In a timely celebration on the 100th anniversary of its premiere, the All-night Vigil by Sergei Rachmaninoff finds new life in a listening party presented by the Phoenix Chorale on Tuesday night, March 10 at monOrchid.
Hosted by Tesfa Wondemagegnehu, curator of Minnesota Public Radio’s Choral Stream, the “Rach All Night” listening party salutes the Vigil‘s first performance, given by the Moscow Synodal Choir on March 10, 1915. The Phoenix Chorale and the Kansas City Chorale — both Grammy Award-winning professional ensembles led by conductor Charles Bruffy — recorded the Vigil for an album released today on the Chandos label and previewed on American Public Media’s Performance Today.
Russian composer Rachmaninoff wrote his opus 37 Vsenoshchnoye bdeniye (All-night Vigil, also known as Vespers) for unaccompanied chorus in January and February 1915, when he was 41 years old. He had recently completed a tour of southern Russia with Serge Koussevitsky in support of the war effort, and soon realized that he and his family needed to escape Russia’s internal turmoil. By the end of 1917 he accepted an invitation to play in Stockholm and left his homeland for the last time. Rachmaninoff died in Beverly Hills in 1943.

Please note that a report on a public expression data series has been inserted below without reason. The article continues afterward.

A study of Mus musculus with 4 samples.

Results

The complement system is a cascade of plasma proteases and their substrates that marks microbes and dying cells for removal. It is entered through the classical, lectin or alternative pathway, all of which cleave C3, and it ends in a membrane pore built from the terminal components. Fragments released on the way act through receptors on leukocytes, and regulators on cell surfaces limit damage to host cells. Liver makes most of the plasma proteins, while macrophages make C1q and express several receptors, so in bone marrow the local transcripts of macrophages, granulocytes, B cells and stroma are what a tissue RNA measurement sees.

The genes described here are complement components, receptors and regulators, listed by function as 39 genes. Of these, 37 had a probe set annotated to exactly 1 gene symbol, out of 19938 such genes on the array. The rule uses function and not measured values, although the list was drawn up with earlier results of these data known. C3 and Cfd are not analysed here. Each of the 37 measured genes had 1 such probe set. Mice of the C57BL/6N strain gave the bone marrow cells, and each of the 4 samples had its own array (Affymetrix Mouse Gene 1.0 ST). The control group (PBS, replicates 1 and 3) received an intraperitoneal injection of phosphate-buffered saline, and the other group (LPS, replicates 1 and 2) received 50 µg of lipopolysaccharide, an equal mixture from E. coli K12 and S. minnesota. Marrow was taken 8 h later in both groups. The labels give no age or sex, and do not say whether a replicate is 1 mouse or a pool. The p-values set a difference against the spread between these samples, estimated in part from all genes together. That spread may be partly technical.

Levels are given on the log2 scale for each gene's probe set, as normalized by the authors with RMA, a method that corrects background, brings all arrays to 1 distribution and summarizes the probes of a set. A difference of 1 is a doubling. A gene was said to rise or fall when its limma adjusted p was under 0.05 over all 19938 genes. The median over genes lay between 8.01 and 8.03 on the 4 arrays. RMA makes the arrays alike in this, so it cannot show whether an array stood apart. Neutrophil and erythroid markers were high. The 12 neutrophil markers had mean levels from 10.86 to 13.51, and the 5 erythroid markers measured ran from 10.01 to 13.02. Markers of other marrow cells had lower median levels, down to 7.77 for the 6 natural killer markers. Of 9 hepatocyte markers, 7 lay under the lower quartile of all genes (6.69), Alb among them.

Considered one of the greatest artistic achievements of Russian Orthodox church music, the Vigil uses verses in Church Slavonic — 15 psalms and hymns chosen by the composer from the weekly Resurrectional Vigil service — set to medieval chant melodies reworked by Rachmaninoff and supplemented with his own tunes. The structure of the Vigil combines the services of vespers, matins and First Hour from the 14th century.
Find the Phoenix-Kansas City recording of this transcendent, meditative work on iTunes, as well as the track “Lord, Now Lettest Thou Thy Servant Depart in Peace” as an Instant Gratification download.